MSNBC’s Chuck Todd says “you can’t call” the concentration camps at our southern border “concentration camps.”
“Be careful,” Todd warned – comparing the Trump administration’s camps, where we are keeping migrants, including many children, against their will, in horrific conditions – “comparing them to Nazi concentration camps. Because they’re not at all comparable in the slightest.
He is extraordinarily wrong.
Todd, who hosts NBC’s “Meet the Press” and MSNBC’s “Meet the Press Daily,” also serves as the network’s political director. Perhaps he should reach out to a few historians and a few experts on authoritarianism, maybe experts in Nazi concentration camps, before opining in such a degrading and condescending manner (watch the video below.)
Todd is actually criticizing Democratic lawmakers for not condemning Ocasio-Cortez’s remarks.
Keep in mind, she never said “Nazi concentration camps,” nor did she say “Nazi death camps.”She said “concentration camps,” which Hitler did not invent, and which have been used before, even by the U.S. – as many who studied America’s horrific Japanese internment camps know. Some, like George Takei, say the comparison is legitimate. He should know. As a young boy he lived in two.
I know what concentration camps are. I was inside two of them, in America. And yes, we are operating such camps again.
— George Takei (@GeorgeTakei) June 19, 2019
Chuck Todd is extraordinarily wrong.
Todd opened his segment by saying he’s “obsessed with what’s happening at our southern border.”
If he were, he wouldn’t focus so much on what AOC and historians are calling the camps, and would do something about them.
Todd goes on to say what’s “as upsetting as” AOC’s comments are the Democrats who refuse to condemn her for them.
Why should they? She’s 100% correct.
Andrea Pitzer, who wrote “One Long Night: A Global History of Concentration Camps,” today writes in GQ that Trump’s camps are the “heirs” of concentration camps.
“A camp in a country in which the leader openly expresses animosity toward those interned, in which a government detains people and harms them by separating children from their parents or deliberately putting them in danger, is much closer to a concentration camp than a refugee camp.”
Others have been less generous.
I did my dissertation on #ConcentrationCamps, so I have a few thoughts about @AOC‘s use of the term to describe the build up of camps on the US southern border. For those in a hurry, here’s the take-home message: By any reasonable definition, these are concentration camps
— Lester Andrist (@landrist) June 18, 2019
“Things can be concentration camps without being Dachau or Auschwitz. Concentration camps in general have always been designed…to separate one group of people from another group.” – Waitman Wade Beorn, Holocaust and genocide studies historian at the University of Virginia https://t.co/1gaFpj0pwK
— Mehdi Hasan (@mehdirhasan) June 18, 2019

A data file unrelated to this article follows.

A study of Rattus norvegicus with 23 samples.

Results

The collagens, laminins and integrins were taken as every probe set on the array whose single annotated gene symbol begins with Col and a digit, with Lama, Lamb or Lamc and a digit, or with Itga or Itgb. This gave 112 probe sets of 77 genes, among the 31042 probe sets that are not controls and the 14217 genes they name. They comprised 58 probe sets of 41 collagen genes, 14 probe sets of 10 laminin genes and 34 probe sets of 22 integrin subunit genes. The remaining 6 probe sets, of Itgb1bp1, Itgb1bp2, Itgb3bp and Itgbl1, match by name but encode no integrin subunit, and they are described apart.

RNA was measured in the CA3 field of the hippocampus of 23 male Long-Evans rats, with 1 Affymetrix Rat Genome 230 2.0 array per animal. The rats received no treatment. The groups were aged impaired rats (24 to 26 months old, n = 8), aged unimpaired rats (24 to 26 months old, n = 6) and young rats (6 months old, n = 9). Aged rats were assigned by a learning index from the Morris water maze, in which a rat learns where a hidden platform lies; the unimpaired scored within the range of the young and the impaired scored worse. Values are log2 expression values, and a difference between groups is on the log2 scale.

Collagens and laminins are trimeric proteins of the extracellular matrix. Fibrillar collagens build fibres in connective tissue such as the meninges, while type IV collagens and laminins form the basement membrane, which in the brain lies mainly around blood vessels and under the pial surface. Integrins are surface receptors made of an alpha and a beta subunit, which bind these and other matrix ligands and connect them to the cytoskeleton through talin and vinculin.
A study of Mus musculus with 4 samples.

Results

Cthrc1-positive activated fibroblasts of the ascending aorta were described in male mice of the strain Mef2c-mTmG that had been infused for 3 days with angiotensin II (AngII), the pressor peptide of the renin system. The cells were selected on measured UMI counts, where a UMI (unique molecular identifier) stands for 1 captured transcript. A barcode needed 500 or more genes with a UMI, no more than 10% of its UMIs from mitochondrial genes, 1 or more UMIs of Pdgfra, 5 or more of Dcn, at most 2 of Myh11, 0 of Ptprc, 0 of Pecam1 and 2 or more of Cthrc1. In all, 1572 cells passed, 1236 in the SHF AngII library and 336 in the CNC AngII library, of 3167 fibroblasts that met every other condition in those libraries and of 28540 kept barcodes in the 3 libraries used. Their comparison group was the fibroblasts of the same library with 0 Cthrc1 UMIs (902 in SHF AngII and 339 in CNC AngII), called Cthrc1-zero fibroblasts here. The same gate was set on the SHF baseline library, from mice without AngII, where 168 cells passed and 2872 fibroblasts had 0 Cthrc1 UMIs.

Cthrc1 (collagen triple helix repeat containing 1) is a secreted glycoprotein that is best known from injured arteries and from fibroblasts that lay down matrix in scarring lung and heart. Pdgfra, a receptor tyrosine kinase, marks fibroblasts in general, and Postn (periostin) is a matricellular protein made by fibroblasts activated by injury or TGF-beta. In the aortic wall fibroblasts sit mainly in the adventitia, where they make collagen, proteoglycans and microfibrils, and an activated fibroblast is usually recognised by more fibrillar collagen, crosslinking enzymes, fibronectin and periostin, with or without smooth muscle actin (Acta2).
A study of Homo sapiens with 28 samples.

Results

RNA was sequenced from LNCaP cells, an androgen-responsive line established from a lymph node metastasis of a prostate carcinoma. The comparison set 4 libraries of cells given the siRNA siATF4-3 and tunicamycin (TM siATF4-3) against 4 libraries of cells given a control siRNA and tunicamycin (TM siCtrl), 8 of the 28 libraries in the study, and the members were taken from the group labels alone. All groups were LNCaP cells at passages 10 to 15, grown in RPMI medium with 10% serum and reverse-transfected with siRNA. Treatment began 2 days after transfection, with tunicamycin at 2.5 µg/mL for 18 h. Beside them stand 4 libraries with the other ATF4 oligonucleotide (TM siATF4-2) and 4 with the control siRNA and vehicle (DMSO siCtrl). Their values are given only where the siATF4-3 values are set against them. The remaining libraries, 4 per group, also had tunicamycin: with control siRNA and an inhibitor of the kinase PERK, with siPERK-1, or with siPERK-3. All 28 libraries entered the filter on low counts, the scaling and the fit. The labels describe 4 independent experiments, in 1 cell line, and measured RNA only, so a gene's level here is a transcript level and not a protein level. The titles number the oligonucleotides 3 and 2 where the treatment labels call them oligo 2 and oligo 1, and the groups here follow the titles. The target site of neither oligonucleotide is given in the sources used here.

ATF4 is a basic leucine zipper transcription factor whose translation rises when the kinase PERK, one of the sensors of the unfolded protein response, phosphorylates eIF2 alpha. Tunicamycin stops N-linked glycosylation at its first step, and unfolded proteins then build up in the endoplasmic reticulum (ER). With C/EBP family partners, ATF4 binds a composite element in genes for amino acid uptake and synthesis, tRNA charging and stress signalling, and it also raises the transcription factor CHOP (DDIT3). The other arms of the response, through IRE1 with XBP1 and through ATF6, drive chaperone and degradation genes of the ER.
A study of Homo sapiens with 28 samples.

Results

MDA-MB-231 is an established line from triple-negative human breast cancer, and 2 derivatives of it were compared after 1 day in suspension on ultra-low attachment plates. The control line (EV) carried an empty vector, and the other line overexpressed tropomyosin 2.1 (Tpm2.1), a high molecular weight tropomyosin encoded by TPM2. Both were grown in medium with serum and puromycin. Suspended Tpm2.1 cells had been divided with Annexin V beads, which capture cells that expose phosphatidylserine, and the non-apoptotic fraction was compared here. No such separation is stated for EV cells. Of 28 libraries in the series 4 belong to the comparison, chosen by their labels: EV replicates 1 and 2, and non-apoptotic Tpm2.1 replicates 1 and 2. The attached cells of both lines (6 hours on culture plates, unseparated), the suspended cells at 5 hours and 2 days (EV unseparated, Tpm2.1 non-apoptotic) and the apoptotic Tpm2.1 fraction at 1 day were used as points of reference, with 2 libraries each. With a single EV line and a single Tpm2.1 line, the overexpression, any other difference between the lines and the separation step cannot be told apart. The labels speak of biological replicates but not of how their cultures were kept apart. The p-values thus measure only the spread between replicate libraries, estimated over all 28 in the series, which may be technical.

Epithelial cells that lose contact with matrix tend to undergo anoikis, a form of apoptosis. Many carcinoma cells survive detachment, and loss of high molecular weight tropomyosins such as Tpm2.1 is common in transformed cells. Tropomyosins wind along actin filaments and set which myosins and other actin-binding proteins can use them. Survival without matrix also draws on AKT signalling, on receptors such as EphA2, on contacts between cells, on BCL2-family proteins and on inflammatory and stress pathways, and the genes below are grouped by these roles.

Chick Todd is extraordinarily wrong.
Ocasio-Cortez’s comparison of ICE detentions to concentration camps did border detainees “a tremendous disservice” #MTPDaily
“She said she didn’t use those words lightly,” Chuck Todd said. “Well, neither did I.” pic.twitter.com/5CIOfWn7BQ
— Meet the Press (@MeetThePress) June 19, 2019
Conservative columnist: Republicans should dare to impeach over Ukraine
The latest Trump international scandal emerged when an anonymous whistleblower in the intelligence community lodged a complaint related to President Trump's discussions with a foreign leader. Although not much is known about the content of the complaint, speculation has arisen that Trump offered the president of Ukraine foreign aid in a way that could be interpreted as quid pro quo for dirt on Vice President Joe Biden.
Writing in the conservative publication The Bulwark, columnist Jonathan V. Last outlines the Republicans' options. They can continue to do nothing to rein in the president. They could try to make the story about Biden. Or they could dare to impeach.
This influential feminist philosopher didn’t believe in being ‘a strong woman’ — here’s why
In The Second Sex (1949), Simone de Beauvoir argued that women were at a disadvantage in a society where they grew up under ‘a multiplicity of incompatible myths’ about women. Instead of being encouraged to dream their own dreams and pursue meaningful projects for their lives, Beauvoir argued that the ‘myths’ proposed to women, whether in literature or history, science or psychoanalysis, encouraged them to believe that to be a woman was to be for others – and especially for men. Throughout childhood, girls were fed a steady diet of stories that led them to believe that to succeed as a woman was to succeed at love – and that to succeed at other things would make them less lovable.
A psychological analysis of Nazism reveals the danger of governments led by narcissists and psychopaths
After spending his early life suffering under the Nazis and then Stalin, the Polish psychologist Andrew Lobaczewski devoted his career to studying the relationship between psychological disorders and politics. He wanted to understand why psychopaths and narcissists are so strongly attracted to power as well as the processes by which they take over governments and countries.
He eventually came up with the term “pathocracy” to describe governments made up of people with these disorders – and the concept is by no means confined to regimes of the past.